President Joe Biden appears to have once again misstated something about gun ownership, during a speech Wednesday evening at the House Democratic Caucus Issues Conference in Baltimore, Maryland.
He claimed Delaware—his home state—has “one of the highest rates of gun ownership.”
But there’s a problem. It’s not true, according to data from the World Population Review, which recently released numbers on gun ownership for 2023. The WPR lists all states’ percentages of gun ownership, and identifies the “Top Ten” states where more than half the people are gun owners. Delaware isn’t one of them. It’s not anywhere close.
According to the WPR chart, only 34.4 percent of the people in The First State are gun owners. They’re tenth from the bottom, above only New Jersey, Massachusetts, Rhode Island, Hawaii, New York, Connecticut, Illinois, California and Maryland.
The “Top Ten” states are almost predictable, according to the chart: Montana is Number One at 66.3 percent, Wyoming is second at 66.2 percent and Alaska is in third place with 64.5 percent, which may surprise many people due to the large number of subsistence residents in the 49th State.
Going down the list, Idaho is next with 60.1 percent followed in this order by West Virginia (58.5%), Arkansas (57.2%), Mississippi (55.8%), Alabama (55.5%), South Dakota (55.3%) and North Dakota (55.1%).
According to the WPR, the United States is at the top when it comes to countries with the largest number of firearms per citizens, at 120.5 guns per 100 people, and that is based on a 2017 report from the Small Arms Survey. The WPR estimates there are “anywhere from over 200 million to more than 350 million guns in the U.S.”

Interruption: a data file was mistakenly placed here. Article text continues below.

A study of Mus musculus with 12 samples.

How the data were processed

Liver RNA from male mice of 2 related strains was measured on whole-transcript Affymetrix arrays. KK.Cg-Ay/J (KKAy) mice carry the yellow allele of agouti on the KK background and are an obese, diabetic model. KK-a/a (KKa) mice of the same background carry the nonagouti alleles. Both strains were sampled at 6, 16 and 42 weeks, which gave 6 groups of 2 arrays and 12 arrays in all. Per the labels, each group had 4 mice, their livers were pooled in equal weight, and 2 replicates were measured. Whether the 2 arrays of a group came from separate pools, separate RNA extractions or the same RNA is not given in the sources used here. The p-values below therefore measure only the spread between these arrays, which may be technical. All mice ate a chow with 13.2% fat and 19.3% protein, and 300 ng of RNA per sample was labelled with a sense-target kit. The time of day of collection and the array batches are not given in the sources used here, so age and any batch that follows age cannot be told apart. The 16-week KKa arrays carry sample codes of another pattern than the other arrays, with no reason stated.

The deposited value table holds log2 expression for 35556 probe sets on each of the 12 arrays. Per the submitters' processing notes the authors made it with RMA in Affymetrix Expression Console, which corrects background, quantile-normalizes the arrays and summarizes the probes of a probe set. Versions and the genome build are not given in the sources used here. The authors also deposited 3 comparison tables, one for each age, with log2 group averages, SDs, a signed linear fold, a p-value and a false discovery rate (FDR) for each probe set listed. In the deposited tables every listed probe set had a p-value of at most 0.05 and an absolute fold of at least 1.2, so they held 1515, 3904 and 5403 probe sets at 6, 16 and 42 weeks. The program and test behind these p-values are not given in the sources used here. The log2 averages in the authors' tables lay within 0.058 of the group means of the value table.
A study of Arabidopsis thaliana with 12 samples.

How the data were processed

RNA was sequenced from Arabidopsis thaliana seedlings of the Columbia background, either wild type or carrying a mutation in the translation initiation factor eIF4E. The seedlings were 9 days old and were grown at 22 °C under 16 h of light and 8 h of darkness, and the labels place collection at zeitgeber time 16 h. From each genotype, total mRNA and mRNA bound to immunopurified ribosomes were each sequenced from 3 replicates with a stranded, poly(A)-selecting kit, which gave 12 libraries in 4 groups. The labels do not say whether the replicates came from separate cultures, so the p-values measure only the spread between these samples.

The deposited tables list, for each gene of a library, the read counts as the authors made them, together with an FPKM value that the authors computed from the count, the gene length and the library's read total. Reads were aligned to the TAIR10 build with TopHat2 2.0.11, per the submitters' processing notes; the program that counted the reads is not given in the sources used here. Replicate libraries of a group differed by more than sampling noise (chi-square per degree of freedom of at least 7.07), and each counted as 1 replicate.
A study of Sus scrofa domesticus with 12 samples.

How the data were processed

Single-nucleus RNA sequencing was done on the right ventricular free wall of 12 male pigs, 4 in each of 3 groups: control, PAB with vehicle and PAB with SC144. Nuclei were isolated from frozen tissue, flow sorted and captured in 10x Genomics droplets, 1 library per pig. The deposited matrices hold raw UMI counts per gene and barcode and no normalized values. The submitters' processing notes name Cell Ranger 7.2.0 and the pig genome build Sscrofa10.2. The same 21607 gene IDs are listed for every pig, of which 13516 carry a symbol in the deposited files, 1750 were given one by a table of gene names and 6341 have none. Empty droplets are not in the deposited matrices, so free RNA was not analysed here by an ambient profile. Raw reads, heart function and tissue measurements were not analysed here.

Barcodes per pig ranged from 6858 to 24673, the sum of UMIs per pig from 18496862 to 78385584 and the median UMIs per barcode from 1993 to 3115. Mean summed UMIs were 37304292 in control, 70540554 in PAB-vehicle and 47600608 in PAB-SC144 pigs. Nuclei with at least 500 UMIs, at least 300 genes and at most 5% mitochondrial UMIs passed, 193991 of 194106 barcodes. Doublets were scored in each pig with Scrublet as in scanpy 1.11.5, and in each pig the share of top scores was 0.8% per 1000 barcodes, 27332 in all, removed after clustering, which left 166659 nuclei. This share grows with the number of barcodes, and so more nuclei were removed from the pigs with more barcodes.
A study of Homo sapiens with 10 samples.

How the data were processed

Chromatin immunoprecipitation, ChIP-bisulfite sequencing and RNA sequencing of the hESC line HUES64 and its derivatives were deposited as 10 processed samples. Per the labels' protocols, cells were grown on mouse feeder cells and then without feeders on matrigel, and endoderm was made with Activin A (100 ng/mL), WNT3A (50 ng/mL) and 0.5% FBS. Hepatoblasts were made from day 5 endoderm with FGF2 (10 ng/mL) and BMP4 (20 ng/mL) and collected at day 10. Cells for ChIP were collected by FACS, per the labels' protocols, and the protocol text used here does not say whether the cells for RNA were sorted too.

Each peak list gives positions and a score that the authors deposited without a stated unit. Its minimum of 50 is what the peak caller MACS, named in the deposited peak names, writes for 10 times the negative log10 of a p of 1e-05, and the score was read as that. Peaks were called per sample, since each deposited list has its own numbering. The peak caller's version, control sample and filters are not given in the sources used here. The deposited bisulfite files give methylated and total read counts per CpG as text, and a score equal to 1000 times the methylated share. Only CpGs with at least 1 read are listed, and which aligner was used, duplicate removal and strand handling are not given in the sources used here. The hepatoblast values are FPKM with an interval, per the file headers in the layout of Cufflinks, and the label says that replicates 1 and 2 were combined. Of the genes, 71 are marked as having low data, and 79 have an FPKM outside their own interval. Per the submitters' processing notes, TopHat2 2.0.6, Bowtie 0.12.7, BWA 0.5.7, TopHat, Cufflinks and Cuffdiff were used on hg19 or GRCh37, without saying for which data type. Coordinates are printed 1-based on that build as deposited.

“Because of variances in regulations throughout the nation,” the WPR says, “it’s impossible to get exact numbers when it comes to the total number of guns in the nation and the number of guns in each state.”
Trailing the U.S. is the Falkland Islands, at 62.1 per-100-people, Yemen (52.8), New Caledonia (42.5), Serbia and Montenegro tied (39.1), Uruguay and Canada tied (34.7), Cyprus (34) and Finland (32.4). Again this is the number of firearms estimated per 100 people.
There is a caveat to all of this. The WPR report says “the Small Arms Survey…tallied the number of firearms (registered and unregistered) owned by civilians, the military, and law enforcement agencies for each country in the survey.” This throws a statistical monkey wrench into any estimates on the number of firearms in private possession.